Who am I?
After the words “the,” “be,” “to,” “of,” “and,” “a,” “in,” “that,” and “have,” the next most commonly spoken word is “I” (at least in English). For a word that we use so often, you would think that we would know who we were referring to. Quite often, however, we are thinking and speaking inaccurately when we use the word “I” because we are disowning (or avoiding) one-half (or more) of ourselves.
Our split personality (the two of us)
Let me illustrate.
“I want to exercise tomorrow.” For many of us, most of the time, when we express this desire, we are only talking for (or aware of) one-half of ourselves: the half of us (called our “Next”), which is interested in our future being good. We believe that, if we exercise, we will have a better future, our future will be happier. Having a happy future is the first concern of Next. But we (and especially our Next) have ignored the other half of us (called our “Now”), which is interested in feeling good now, which is interested in feeling good and being happy now. When we say, “I want to exercise tomorrow,” we are not present to whether or not our Now is likely to want to exercise tomorrow at the time that Next planned. We have not taken the happiness of that future Now into consideration. Our Now may not make himself or herself known at the time that Next is making exercise plans (and Next often ignores or is unaware of Now’s existence). Next is not considering and showing respect to how Now is likely to feel at the time Next is planning to exercise the next day. When tomorrow comes, however, then Now will make himself or herself known by saying, “I don’t feel like exercising now.” At this point Next has receded into the background. Or, if not, then our Next will try to reassert his or her control by blaming Now, often without effect except to make Now feel guilty.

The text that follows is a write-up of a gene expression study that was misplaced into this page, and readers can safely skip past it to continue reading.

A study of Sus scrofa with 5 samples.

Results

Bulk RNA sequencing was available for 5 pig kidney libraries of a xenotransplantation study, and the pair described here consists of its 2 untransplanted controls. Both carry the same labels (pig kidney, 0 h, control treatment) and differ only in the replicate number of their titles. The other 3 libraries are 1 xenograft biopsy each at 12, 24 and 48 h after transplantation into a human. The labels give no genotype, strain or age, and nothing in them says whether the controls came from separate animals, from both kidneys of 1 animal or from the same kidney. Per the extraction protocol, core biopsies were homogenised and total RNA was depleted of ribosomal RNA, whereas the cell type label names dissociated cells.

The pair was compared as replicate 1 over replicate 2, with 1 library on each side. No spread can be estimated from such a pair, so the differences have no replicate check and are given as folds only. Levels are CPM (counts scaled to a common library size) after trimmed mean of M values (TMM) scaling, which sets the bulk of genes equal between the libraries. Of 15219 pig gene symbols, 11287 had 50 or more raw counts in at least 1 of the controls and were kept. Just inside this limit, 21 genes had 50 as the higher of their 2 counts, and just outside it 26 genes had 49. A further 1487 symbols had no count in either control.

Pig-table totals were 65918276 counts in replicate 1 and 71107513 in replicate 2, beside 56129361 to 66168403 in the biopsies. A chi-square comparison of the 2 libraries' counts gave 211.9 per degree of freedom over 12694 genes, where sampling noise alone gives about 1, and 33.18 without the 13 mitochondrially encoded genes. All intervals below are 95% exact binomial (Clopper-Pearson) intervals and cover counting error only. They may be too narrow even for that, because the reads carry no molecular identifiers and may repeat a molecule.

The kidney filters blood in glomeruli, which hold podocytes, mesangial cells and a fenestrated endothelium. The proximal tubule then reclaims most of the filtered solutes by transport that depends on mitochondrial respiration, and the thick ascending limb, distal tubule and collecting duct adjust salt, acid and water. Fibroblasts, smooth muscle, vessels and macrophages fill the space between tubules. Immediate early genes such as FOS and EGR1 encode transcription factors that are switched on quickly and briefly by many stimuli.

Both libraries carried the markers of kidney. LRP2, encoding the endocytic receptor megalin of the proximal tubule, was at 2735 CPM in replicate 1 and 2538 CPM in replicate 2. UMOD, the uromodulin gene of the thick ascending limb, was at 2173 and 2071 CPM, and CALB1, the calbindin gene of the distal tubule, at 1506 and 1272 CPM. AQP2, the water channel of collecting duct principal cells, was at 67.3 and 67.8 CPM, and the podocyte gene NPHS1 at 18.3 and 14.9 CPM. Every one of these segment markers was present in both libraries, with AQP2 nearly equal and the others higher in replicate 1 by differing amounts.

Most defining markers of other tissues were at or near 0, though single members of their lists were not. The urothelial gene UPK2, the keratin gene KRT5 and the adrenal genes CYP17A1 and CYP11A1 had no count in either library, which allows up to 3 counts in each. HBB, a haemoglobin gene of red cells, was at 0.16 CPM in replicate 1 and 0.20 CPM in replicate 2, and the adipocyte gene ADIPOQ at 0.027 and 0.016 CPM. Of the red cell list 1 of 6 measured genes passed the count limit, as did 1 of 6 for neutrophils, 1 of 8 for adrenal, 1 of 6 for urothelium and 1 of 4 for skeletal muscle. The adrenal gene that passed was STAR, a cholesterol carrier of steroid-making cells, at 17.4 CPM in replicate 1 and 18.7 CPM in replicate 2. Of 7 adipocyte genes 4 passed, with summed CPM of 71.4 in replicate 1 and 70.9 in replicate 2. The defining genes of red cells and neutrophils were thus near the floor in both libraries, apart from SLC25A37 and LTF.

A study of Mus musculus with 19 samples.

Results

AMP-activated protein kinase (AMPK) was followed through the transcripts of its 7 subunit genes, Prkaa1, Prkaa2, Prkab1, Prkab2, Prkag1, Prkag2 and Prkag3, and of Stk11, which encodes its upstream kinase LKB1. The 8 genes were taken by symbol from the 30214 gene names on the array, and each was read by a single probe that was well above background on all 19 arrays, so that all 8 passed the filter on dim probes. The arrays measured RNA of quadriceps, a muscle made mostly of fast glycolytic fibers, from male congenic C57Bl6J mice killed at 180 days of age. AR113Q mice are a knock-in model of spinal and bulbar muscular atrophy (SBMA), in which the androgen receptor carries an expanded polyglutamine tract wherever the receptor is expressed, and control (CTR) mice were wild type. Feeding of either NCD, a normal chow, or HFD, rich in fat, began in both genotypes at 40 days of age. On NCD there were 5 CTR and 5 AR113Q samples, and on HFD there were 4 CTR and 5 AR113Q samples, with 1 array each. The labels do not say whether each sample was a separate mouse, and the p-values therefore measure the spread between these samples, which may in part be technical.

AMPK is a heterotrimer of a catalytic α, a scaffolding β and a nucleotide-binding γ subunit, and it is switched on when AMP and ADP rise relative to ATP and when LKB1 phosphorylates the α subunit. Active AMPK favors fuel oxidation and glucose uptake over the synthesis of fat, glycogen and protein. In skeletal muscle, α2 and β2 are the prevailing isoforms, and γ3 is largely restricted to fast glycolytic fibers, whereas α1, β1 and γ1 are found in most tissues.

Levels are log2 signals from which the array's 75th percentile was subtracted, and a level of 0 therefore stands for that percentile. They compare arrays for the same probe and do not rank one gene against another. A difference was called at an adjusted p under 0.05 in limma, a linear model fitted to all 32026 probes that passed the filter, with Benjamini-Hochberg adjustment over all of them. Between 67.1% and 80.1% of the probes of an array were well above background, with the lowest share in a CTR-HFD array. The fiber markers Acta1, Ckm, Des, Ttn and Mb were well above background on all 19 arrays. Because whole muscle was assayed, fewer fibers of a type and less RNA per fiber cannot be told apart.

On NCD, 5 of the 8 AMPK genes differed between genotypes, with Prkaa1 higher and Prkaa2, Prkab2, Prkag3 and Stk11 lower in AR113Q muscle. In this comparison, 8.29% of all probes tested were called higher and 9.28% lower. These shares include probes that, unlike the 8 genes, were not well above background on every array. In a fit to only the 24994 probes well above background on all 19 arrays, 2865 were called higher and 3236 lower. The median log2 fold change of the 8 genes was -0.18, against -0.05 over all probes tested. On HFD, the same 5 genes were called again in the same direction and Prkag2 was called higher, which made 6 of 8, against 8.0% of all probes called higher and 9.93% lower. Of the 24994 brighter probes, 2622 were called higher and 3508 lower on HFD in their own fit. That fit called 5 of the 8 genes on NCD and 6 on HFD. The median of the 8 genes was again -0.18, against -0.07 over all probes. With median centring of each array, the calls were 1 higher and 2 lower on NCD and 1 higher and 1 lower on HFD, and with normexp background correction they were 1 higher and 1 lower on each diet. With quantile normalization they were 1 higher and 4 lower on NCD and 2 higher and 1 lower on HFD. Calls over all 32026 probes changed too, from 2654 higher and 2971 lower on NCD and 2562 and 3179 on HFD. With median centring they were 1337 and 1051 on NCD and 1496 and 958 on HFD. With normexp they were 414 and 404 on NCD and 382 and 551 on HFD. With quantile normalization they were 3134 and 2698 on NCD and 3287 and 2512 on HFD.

The battles and skirmishes
Most of us, much of time, go through life with an ongoing struggle between our Next and our Now:
Next wants to exercise.
Now wants to relax.
Next wants to get up early in the morning.
Now wants to sleep in.
Next needs to go to work every day.
Now feels that work is often boring or stressful.
Next wants to be patient with the children.
Now gets frustrated with the children.
Next thinks it would be better not to have that drink.
Now wants a buzz and to just relax.
Next wants to eat for future good health.
Now wants to eat for pleasure.
And the list goes on and on. Click here for a bigger list.
Our crumbling foundation of integrity
Most fundamentally, this ongoing struggle between Next and Now is a lack of integrity. When Next and Now are not in agreement and alignment, we are out of integrity and we suffer dearly for it.
Keeping our integrity through cooperation
When Next and Now are on the same page, when they are “working together,” then we are in integrity, we are loving our life and ourselves, we have become our own best friend, and it even seems that life couldn’t get any better.